Music basics


Martin McBride, 2020-05-15
Tags music
Categories sound theory

We won't attempt to give a general definition of music here, it is far too broad a topic. Instead we will look at some aspects that are common to many (but not all) types of music, and how electronically created music impacts on them.

Rhythm

Rhythm is probably the most primal aspect of music. Even a simple beat on a loud drum can be powerful. Rhythm is essentially the heartbeat of music, and the tempo (the number of beats per minute) is key to the mood of any piece.

Electronic music can, of course keep time very precisely. It can also play immensely complex rhythms, switch tempo or rhythm structure at any point, overlap complex interacting rhythms of different tempo, and of course play beats faster than a human could.

Computer sound can also randomise rhythms or times.

Tonality

Most music is based on musical notes, that exist as fixed frequencies on a musical scale.

A combination of a rhythm with a sequence of notes creates melody, which is the basis of a lot of musical pieces. A melody can generally be played on almost any instrument, and will still be recognised as the same melody. It can be transposed into a different scale, which means it will be played using different set of notes (but with the same relationship to each other), and it will still be recognised as the same melody.

The concept of a melody can be extended to include various parts (sometimes called voices), separate melodies that are designed to be played together. On a piano, for example, the left and right hand might be playing different parts. In a traditional rock band you would have several parts - the drums, bass and rhythm guitar playing the backing, while the vocals, lead guitar or keyboards might alternate in playing the main melody.

A melody that has been enhanced like that is often called an arrangement. Making an arrangement of a song is a creative process in itself, and it is possible to many, make very different arrangements of the same song. The overall effect of an arrangement, including the tempo, the number voices, the range of notes played at the same time, is sometimes called the texture of the piece.

Electronic music offers a lot in this area. You have access to many different voices without needing to be skilled in lots of different instruments. Computers can even help with arrangement, as common techniques such as playing chords and arpeggios can be automated. All this means that, if you wish, you can quite easily create very rich and complex textures.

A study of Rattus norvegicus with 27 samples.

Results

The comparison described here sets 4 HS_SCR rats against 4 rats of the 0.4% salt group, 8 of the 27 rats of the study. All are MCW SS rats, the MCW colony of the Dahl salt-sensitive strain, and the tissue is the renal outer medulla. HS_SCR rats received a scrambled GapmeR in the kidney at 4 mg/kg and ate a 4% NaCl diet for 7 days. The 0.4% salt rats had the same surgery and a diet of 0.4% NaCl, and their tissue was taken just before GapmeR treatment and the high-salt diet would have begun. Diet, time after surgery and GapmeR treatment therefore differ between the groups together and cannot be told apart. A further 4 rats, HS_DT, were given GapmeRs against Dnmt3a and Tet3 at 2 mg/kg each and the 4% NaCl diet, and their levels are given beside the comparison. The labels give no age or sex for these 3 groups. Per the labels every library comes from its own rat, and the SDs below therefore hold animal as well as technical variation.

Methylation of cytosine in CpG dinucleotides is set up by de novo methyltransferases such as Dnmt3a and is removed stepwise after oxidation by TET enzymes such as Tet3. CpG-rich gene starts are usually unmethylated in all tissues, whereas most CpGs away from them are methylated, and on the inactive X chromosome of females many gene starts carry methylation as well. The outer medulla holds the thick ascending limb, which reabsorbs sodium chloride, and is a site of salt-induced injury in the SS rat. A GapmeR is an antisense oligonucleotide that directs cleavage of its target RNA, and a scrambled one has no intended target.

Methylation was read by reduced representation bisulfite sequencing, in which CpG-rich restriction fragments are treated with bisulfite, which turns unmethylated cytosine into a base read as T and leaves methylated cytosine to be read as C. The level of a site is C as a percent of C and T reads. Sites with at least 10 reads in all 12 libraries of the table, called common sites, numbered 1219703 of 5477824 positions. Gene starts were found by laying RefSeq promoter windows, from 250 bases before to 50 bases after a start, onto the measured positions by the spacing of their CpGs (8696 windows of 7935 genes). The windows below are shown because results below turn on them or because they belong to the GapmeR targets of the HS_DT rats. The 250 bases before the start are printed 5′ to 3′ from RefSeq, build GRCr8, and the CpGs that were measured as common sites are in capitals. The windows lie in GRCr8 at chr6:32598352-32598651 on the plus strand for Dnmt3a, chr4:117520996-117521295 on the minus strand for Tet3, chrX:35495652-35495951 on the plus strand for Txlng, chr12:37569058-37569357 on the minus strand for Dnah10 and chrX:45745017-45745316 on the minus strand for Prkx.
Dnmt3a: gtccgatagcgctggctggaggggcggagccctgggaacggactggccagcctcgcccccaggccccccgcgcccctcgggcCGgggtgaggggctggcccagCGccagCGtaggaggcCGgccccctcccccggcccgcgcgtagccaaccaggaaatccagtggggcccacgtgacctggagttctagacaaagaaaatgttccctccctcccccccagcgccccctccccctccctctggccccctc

Timbre

The same note played on different instruments will sound very different, although it is still recognisable as the same note. The difference is called the timbre. It relates to the frequency spectrum of the sound.

Some instruments are capable of providing several different timbres - for example a guitar can be picked or strummed, a trumpet can be muted in various ways to alter its sound.

This is where electronic music really shines, because it provides many ways to control the spectral distribution of the sound created. There are various techniques including additive synthesis, subtraction synthesis, frequency modulation, sampling of real sounds, and granular synthesis that can be used and combined in many ways.

Time variation

A final important aspect is how individual notes develop over time. Again, electronic music gives us many ways to control how a note changes over time, including:

  • Its envelope - how the volume changes over the duration of the note.
  • Frequency spectrum changes - this includes many effects such as subtle changes in timbre over time, or slow atmospheric synth pads, through to full on wah-wah effects.
  • Periodic variation of the amplitude or frequency of the note (tremolo and vibrato).
  • Echo, reverb and chorusing effect.

Of course, not all music has all of these characteristics. There might even be forms of music that have none of them. The is the beauty of electronic music, you can create pretty much any sound it is possible to imagine.